5G may be five to seven years from implementation, but researchers are working to develop the capabilities and efficiencies that will dramatically impact the way the average cell phone user interfaces with technology.

The next generation of wireless networks will not only be faster, but also more intelligent and efficient because of research being conducted at the University of Oklahoma as part of a worldwide collaboration in telecommunications.

Ali Imran, an assistant professor in the OU-Tulsa telecommunications engineering program, is leading the research to develop Self Organization Networks. The networks will use data to configure and organize themselves for peak efficiency, redistributing capacity throughout the day to where it’s needed for faster connection speeds and lower costs.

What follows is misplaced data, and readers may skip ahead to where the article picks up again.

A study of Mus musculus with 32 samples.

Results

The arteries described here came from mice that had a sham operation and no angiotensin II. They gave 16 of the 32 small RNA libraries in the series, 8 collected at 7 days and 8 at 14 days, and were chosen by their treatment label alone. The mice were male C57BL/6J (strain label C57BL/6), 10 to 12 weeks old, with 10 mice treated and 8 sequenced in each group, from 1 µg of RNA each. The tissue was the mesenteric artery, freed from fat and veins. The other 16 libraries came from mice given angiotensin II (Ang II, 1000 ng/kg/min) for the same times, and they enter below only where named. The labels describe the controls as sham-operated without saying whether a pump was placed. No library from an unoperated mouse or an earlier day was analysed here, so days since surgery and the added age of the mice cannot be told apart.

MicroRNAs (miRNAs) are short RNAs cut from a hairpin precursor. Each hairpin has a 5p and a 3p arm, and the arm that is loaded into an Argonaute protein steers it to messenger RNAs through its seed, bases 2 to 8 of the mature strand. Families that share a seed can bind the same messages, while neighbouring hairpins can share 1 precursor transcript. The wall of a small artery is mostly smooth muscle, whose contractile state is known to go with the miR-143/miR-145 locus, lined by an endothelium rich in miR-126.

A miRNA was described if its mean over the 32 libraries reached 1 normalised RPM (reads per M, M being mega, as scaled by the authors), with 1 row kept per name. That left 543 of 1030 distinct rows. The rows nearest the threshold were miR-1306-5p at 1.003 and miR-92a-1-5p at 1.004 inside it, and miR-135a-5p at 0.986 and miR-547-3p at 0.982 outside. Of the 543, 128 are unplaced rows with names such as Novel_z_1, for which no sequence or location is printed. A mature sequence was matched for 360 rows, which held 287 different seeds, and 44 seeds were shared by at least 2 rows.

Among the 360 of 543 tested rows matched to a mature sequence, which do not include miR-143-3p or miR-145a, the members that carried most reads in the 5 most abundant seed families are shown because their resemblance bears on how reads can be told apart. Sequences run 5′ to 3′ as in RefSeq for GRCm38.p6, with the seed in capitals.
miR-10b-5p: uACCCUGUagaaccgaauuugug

“In daytime most users are concentrated in commercial areas, offices and schools,” Imran said. “In the evening users are concentrated in residential areas. There’s no reason we should have equal capacity in both areas all the time.”

The efficiency of intelligent wireless networks could reduce the operational and capital costs of cellular infrastructure, making it less expensive for carriers to provide faster service. With increasing data volumes per subscriber, each generation of wireless technology is less profitable than the one before.

Imran said while the 5G technology is still in the planning phase is the time to think about how to use the deluge of rich data to make the 5G network more efficient.